Article image
Article image
Article image
Article image
This article displays in one automatically-generated column. View the full page to see article in its original form.



STATEMENT AGAIN SOUGHT Parliamentary Reporter. WELLINGTON, this day. What was the Government's intention in regard to the men in the Middle East—what was to be the fate of that forgotten army? asked Mr. Doidge (Nat., Tauranga) in the House of Representatives last evening. He also sought the reason for the Government's delay in making an announcement. It was true to say, he said, that thousands of homes in New Zealand were in a state of tension because mothers, wives and sweethearts did not know what the fate of their boys was to be. English, Canadian and South African troops were all going home, or if they were not they knew where they were going. Britain had declared her policy long ago. The Minister of Rehabilitation, Mr. Skinner: Nothing of the kind. Mr. Doidge added that the New Zealand forces seemed to have been forgotten. Was the Division intended to be for garrison duty somewhere, or was it a shipping problem? Perhaps one day New Zealand would wake up and find its men were in Shanghai. Mr. Churchill had always told the people of Britain the truth, and that attitude had paid high dividends by creating confidence. The Dominion's policy had to be either fight or farm —it could not do both effectively. The Government should dispel rumours which suggested sinister and, perhaps, foolish reasons why the Division was not brought home, such as the absence of homes and jobs. . .„ .

If New Zealand were asked' , to send a land force to a new theatre of war it would do so, but that was no reason for not bringing the men in the Middle East home. Some of them were married men with children. Others had gone straight from school and had never had a chance to learn a trade. If a land force were required there were 20,000 fit men who had never been in uniform from whom a selection could be made.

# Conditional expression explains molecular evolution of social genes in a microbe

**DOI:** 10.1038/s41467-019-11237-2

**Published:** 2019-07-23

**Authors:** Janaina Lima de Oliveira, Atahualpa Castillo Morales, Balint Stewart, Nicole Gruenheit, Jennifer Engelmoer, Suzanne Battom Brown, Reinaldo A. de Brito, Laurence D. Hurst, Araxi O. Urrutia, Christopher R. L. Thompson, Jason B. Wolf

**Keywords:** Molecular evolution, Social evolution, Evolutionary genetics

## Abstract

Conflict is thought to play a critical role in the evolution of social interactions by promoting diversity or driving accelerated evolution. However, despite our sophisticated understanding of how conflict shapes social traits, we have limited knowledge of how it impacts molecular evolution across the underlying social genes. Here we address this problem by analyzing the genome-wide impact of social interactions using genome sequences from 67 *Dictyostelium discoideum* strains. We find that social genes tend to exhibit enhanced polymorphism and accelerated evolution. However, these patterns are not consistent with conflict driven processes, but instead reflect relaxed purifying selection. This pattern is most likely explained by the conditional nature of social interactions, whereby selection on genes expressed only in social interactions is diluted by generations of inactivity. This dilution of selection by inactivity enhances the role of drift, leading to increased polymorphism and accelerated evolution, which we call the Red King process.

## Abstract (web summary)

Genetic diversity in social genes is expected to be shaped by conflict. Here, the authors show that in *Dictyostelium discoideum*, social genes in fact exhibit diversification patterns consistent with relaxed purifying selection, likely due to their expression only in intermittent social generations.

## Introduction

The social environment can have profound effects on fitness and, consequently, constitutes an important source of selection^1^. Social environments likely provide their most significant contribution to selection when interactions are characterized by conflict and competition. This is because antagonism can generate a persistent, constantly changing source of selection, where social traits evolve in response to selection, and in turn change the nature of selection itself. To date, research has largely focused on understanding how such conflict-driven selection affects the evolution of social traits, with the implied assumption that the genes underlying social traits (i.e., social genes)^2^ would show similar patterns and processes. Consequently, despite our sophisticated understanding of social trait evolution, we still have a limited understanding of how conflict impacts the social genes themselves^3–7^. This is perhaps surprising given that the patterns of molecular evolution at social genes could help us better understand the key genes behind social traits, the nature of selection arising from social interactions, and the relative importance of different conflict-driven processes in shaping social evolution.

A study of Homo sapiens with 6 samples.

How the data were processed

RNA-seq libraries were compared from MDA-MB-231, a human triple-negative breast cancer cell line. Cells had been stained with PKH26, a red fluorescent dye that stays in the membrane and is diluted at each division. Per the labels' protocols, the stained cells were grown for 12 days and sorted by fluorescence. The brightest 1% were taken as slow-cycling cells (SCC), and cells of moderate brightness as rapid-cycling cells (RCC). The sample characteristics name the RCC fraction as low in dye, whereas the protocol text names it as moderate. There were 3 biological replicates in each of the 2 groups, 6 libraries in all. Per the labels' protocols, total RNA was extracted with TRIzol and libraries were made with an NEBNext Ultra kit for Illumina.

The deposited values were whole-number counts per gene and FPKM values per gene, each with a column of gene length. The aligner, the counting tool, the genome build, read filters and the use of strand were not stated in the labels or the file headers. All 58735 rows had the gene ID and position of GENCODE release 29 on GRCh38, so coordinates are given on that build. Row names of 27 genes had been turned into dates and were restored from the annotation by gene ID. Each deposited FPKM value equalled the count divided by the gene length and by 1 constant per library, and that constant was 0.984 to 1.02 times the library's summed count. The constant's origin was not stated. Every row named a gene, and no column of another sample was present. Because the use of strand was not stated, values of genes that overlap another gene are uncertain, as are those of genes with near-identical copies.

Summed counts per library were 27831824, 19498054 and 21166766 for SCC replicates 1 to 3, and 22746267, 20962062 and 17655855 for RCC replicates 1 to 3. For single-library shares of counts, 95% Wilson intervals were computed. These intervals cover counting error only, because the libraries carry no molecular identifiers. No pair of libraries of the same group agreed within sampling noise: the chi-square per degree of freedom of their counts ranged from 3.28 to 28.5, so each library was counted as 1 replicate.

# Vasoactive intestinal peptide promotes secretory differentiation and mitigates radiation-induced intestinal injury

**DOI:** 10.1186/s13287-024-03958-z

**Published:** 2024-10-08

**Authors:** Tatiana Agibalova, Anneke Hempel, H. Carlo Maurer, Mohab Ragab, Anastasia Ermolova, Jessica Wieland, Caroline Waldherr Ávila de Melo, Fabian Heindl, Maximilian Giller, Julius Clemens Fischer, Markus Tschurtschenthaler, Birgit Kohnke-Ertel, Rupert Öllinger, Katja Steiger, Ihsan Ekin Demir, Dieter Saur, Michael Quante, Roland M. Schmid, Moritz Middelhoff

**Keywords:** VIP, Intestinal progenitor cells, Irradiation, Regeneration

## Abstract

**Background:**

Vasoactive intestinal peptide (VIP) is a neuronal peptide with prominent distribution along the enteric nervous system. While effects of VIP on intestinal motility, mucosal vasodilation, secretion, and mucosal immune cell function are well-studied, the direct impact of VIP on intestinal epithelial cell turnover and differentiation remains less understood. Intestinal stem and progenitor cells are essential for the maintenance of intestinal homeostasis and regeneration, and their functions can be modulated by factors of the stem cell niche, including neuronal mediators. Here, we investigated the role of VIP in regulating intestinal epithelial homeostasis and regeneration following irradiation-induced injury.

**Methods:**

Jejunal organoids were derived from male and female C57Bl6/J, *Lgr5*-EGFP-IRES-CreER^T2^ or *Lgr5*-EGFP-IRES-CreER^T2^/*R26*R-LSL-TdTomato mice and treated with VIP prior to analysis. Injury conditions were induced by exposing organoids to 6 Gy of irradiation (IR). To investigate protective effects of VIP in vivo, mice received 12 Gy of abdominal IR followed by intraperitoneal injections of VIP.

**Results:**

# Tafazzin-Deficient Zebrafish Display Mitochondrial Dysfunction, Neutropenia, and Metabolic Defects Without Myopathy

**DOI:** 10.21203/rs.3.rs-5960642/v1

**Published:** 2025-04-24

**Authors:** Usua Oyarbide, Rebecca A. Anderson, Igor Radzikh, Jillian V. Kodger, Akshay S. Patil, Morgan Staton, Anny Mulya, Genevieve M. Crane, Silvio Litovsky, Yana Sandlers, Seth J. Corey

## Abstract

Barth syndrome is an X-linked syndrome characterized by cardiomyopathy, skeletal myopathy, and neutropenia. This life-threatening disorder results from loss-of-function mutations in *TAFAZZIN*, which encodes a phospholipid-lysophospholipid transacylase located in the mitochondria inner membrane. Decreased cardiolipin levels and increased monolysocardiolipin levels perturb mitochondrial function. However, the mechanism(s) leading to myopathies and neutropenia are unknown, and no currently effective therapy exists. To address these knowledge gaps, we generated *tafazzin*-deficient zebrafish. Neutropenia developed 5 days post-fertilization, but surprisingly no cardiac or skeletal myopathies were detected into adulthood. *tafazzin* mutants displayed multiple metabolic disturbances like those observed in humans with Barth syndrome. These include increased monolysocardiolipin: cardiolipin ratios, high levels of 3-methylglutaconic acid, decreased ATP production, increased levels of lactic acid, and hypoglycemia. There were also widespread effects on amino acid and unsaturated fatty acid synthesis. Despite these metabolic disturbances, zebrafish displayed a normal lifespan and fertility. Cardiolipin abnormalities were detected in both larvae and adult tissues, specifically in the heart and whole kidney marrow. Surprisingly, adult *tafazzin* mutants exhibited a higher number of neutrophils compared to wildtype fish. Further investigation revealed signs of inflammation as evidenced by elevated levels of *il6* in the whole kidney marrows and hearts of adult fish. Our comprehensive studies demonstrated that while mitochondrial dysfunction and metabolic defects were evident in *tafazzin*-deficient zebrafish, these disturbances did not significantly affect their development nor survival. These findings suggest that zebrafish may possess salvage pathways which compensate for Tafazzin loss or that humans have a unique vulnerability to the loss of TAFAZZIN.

This article text was automatically generated and may include errors. View the full page to see article in its original form.
Permanent link to this item

Bibliographic details

"FORGOTTEN ARMY", Auckland Star, Volume LXXVI, Issue 173, 24 July 1945

Word Count

"FORGOTTEN ARMY" Auckland Star, Volume LXXVI, Issue 173, 24 July 1945

  1. New formats

    Papers Past now contains more than just newspapers. Use these links to navigate to other kinds of materials.

  2. Hierarchy

    These links will always show you how deep you are in the collection. Click them to get a broader view of the items you're currently viewing.

  3. Search

    Enter names, places, or other keywords that you're curious about here. We'll look for them in the fulltext of millions of articles.

  4. Search

    Browsed to an interesting page? Click here to search within the item you're currently viewing, or start a new search.

  5. Search facets

    Use these buttons to limit your searches to particular dates, titles, and more.

  6. View selection

    Switch between images of the original document and text transcriptions and outlines you can cut and paste.

  7. Tools

    Print, save, zoom in and more.

  8. Explore

    If you'd rather just browse through documents, click here to find titles and issues from particular dates and geographic regions.

  9. Need more help?

    The "Help" link will show you different tips for each page on the site, so click here often as you explore the site.